BASRA, Iraq—Calm returned Monday to the streets of the southern Iraqi city of Basra, after two days of riots over fuel and electricity shortages left one Iraqi protester and a Nepalese security guard dead.
But in the nearby Shiite city of Nasiriyah, about 1,000 protesters demanded the resignation of the city's U.S.-appointed local council. Monday's demonstration was peaceful, but a Shiite cleric issued a religious edict threatening death if members of the council refused to leave office.
In Baghdad, military officials reported that one U.S. soldier with the 4th Infantry Division was killed and two were wounded late Sunday in Baqouba, about 40 miles north of the capital, when Iraqi guerrillas detonated a homemade bomb as the soldiers guarded the city's police station. Baqouba lies in the heart of Iraq's so-called Sunni Triangle, an area that includes the capital and cities to the north and west, where most attacks on U.S. soldiers have occurred.
The attack brought to 63 the number of U.S. and British troops who have died from hostile fire since President Bush declared May 1 that major combat in Iraq was over. More than 60 other soldiers have died in non-hostile actions. More than 400 have been wounded by hostile fire.
In Nasiriyah, Sheik Asad al Nasseri, the city's most important Shiite cleric, stood in the back of a flatbed truck with a bullhorn and barked threats against the U.S.-appointed city council, which was meeting in a nearby government building. Demonstrators assembled before the building, which was under the protection of heavily armed Italian soldiers listening silently behind razor wire.
"You have only one hour to resign peacefully," al Nasseri warned. "After that, I will issue a religious decree permitting the people to kill you."
Minutes earlier, two councilmen had crept out to announce their resignations. Cheered on by the crowd, one member immediately joined the demonstration against his colleagues. Iraqi police escorted the other man home, steering him away from protesters calling for blood.
Such blunt promises of violence are rare in Nasiriyah and other southern cities, which have benefited since the war from multimillion-dollar public works projects, thousands of new jobs and little friction with European soldiers, who often forgo body armor when they ride around town.
British military officials blamed the demonstrations in Nasiriyah and the neighboring port city of Basra on the searing heat, dilapidated infrastructure and acts of sabotage that have caused severe shortages of electricity, water and fuel. Iraqis at the demonstration, however, said U.S.-led forces had abandoned promises of self-determination for Iraqis and were deliberately depriving residents of basic services.
Either way, the afternoon showdown—as well as several days of rioting in Basra—demonstrates that southern Iraq no longer is immune to the potentially deadly resistance that plagues U.S.-led forces in Baghdad and cities to the north.
After about half an hour passed with no further surrenders from the Nasiriyah government, the sun-baked crowd began to disperse with promises of more demonstrations until the entire 20-person council dissolved. Many men swore loudly to uphold al Nasseri's religious decree, or fatwa, to hunt down council members and kill them.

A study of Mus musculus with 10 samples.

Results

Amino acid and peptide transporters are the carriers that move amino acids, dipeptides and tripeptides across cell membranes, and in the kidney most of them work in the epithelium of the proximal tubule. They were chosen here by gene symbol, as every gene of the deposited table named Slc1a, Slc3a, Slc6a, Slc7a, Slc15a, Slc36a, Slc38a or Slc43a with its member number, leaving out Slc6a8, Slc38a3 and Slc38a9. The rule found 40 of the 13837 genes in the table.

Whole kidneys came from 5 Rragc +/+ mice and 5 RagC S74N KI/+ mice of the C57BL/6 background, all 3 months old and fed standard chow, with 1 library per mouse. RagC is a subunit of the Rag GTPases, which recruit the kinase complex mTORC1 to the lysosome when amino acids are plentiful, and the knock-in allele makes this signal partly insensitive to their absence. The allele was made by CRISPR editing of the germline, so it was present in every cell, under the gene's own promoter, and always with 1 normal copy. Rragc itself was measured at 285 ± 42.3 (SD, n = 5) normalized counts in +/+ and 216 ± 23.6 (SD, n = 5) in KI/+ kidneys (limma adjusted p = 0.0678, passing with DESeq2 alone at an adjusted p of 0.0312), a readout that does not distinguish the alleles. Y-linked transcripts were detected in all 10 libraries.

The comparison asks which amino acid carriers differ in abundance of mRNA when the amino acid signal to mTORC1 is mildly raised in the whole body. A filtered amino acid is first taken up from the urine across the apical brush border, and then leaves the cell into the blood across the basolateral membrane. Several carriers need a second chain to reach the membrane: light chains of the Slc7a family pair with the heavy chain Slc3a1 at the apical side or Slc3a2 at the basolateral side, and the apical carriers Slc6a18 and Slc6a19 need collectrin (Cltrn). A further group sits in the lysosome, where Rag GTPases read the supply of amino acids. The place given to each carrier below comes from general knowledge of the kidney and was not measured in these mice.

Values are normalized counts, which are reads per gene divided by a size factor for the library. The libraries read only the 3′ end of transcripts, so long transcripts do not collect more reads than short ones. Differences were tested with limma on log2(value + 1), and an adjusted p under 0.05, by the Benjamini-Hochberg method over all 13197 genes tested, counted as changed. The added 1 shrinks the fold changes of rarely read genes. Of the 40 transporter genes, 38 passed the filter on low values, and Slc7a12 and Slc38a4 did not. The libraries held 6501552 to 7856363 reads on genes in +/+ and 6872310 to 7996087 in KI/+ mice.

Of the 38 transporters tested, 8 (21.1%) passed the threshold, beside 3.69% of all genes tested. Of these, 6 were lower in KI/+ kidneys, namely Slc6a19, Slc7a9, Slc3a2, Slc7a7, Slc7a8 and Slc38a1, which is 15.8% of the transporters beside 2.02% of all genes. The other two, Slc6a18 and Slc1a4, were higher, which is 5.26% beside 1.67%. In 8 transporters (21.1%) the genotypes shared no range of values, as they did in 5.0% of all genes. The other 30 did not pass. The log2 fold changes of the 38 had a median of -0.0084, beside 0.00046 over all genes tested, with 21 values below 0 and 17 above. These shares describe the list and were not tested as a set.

"Just like Iraqis looted after the war, these council members looted our town," said Ali Mohamed Hassan, 38, an organizer of the protest. "They took control of everything without being elected. We're not upset about electricity or water. We are upset because leaders have been imposed on us."
Further south, in Basra, coalition spokesman Steve Bird defended British troops' actions over the weekend, saying they fired only rubber bullets at demonstrators who threw rocks.
More than $15 million in aid has been earmarked for projects to restore utilities to Basra, Bird said, despite setbacks from saboteurs who have targeted the city's main power and water lines. In the past few weeks, coalition forces have seized 74 oil tanker trucks in efforts to stop the smuggling of petroleum and other oil-related products, which end up on the black market, causing higher prices and shortages.
As of Monday, Bird said, the chronically poor were receiving welfare, the central bank had reopened and more than 3,000 local police officers were back on duty. Unlike in Baghdad, residents sip tea at rooftop cafes long after dark and families feel safe enough to stroll along the banks of the Euphrates River.
In Baghdad, U.S. soldiers shot and killed one Iraqi man in the capital Monday, claiming he was part of a group of three who threw a hand grenade at their convoy. Several people who said they had witnessed the incident said the man had nothing to do with the attack.
"Yeah, they're all saints until they get shot," said Staff Sgt. Dale Hall of Jackson, Mich., standing near the body in a grassy area around one of Baghdad's main squares. "This guy and three others were shooting at our forces as they were being pursued. He got what he had coming to him."
Nearby, Air Habib Hausu, who said he was a close friend of the dead man, told a different story, saying the two were standing in the tire shop where they worked when they heard shots, and the man ran because he was afraid.
"He is not an attacker. They are liars," he said.
Two hand grenades exploded outside the British embassy in Baghdad overnight, but it wasn't clear if the embassy itself was targeted, said U.S. Army Col. Guy Shields, a coalition spokesman. Two truck drivers, one reported to be a Syrian delivering supplies to the compound, was wounded.
(Allam reported from Nasiriyah and Basra; Brown and Dilanian reported from Baghdad.)
(c) 2003, Knight Ridder/Tribune Information Services.